From Write Away: One Novelist’s Approach to Fiction and the Writing Life by Elizabeth George, the New York Times bestselling author of twenty novels and counting:
“Here’s what I tell my students on the first day when I teach one of my creative writing courses: You will be published if you possess three qualities – talent, passion, and discipline….
“Some of us are blessed with self-discipline, and I admit myself to be one who is. It’s something I inherited from my mother: that ability and willingness to do what needs to be done first and then to play later. A lot of writing is simply showing up. A lot of writing is being able to put the work first simply because it is the work. A lot of writing is being able to delay gratification.
“Lots of people want to have written; they don’t want to write. In other words, they want to see their name on the front cover of a book and their grinning piacture on the back. But this is what comes at the end of the job, not at the beginning. To reach that end, you have to be willing just to set it aside, knowing that it may never happen at all but not much caring because it is the writing that matters to you; it’s the mystery and the magic of putting words on paper that are truly important. If you don’t feel this way, then you want to be an author, not a writer.”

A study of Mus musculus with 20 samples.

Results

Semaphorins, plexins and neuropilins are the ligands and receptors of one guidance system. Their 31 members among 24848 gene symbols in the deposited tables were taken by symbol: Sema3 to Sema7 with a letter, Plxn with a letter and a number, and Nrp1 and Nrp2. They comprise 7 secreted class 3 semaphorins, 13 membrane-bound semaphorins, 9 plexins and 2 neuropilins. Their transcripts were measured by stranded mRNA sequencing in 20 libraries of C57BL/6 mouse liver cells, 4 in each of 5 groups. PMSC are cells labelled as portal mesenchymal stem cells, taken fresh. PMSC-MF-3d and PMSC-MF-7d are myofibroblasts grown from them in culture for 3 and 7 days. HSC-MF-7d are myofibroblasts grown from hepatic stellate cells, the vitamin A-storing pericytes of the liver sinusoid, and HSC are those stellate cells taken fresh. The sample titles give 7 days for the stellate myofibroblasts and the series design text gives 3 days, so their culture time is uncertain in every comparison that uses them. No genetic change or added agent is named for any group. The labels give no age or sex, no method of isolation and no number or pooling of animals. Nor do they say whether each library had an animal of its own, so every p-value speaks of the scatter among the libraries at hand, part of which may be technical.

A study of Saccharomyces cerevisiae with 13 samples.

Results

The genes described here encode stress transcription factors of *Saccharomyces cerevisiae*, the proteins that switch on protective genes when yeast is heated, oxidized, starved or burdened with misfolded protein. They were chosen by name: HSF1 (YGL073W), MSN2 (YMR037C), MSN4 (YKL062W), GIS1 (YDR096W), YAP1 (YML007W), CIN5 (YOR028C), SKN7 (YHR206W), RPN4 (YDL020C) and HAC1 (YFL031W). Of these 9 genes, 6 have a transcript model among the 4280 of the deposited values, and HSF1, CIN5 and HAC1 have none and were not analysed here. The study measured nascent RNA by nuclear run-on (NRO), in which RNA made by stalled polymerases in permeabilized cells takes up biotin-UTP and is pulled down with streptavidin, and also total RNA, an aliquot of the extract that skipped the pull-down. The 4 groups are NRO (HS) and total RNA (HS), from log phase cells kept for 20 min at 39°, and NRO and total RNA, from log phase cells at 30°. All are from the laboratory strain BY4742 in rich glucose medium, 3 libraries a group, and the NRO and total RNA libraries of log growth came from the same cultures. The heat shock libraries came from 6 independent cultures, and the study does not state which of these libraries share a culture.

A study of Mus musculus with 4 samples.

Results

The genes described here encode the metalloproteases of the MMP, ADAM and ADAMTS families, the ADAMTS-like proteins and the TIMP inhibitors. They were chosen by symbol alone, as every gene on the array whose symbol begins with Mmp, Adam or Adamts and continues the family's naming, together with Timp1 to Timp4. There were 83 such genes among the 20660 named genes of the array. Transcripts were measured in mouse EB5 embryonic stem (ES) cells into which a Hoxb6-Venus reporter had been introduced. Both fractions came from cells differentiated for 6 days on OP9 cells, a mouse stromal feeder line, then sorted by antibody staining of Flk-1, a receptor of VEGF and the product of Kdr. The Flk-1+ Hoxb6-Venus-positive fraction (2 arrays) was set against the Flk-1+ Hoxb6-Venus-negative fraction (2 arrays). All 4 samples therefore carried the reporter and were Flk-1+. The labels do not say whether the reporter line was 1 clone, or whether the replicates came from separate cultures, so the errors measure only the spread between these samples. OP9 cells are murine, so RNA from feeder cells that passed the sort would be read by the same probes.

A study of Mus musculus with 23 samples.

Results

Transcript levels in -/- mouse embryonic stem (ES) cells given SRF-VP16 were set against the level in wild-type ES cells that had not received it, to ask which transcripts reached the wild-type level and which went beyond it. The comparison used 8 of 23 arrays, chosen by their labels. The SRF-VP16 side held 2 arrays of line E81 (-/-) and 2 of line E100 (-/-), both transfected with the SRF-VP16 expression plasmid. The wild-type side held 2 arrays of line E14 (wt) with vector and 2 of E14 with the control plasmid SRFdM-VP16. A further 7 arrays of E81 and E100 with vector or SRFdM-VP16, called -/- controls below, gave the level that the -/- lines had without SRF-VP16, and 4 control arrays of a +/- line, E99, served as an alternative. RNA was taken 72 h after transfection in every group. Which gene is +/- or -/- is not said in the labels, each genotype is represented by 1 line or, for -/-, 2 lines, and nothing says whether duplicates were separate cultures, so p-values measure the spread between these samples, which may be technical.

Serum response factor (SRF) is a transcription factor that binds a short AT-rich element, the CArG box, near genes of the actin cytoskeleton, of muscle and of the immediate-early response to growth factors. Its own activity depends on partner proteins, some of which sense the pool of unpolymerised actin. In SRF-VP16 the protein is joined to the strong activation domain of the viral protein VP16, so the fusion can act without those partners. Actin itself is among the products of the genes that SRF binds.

The mystery and magic of putting words on paper” – what a wonderful description of writing! And what tough, honest words about what it takes to be a writer – passion, talent, and discipline. And to Elizabeth’s mind, discipline is the most important ingredient, the one without which, the other two aren’t enough.
Here’s how my Webster’s dictionary defines “discipline” – “To train or develop by instruction and exercise, especially in self control;” also, “to impose order.” In short, discipline is really all about improving our craft: being willing to put in the time and energy to get better at what we want to do. And to put aside the distractions and focus on results that get in the way of our improving and growing as writers.
Bravo, Elizabeth! She may have inherited her self-discipline, but it’s a quality we can all expand and nourish within ourselves through attitude and effort. Write on!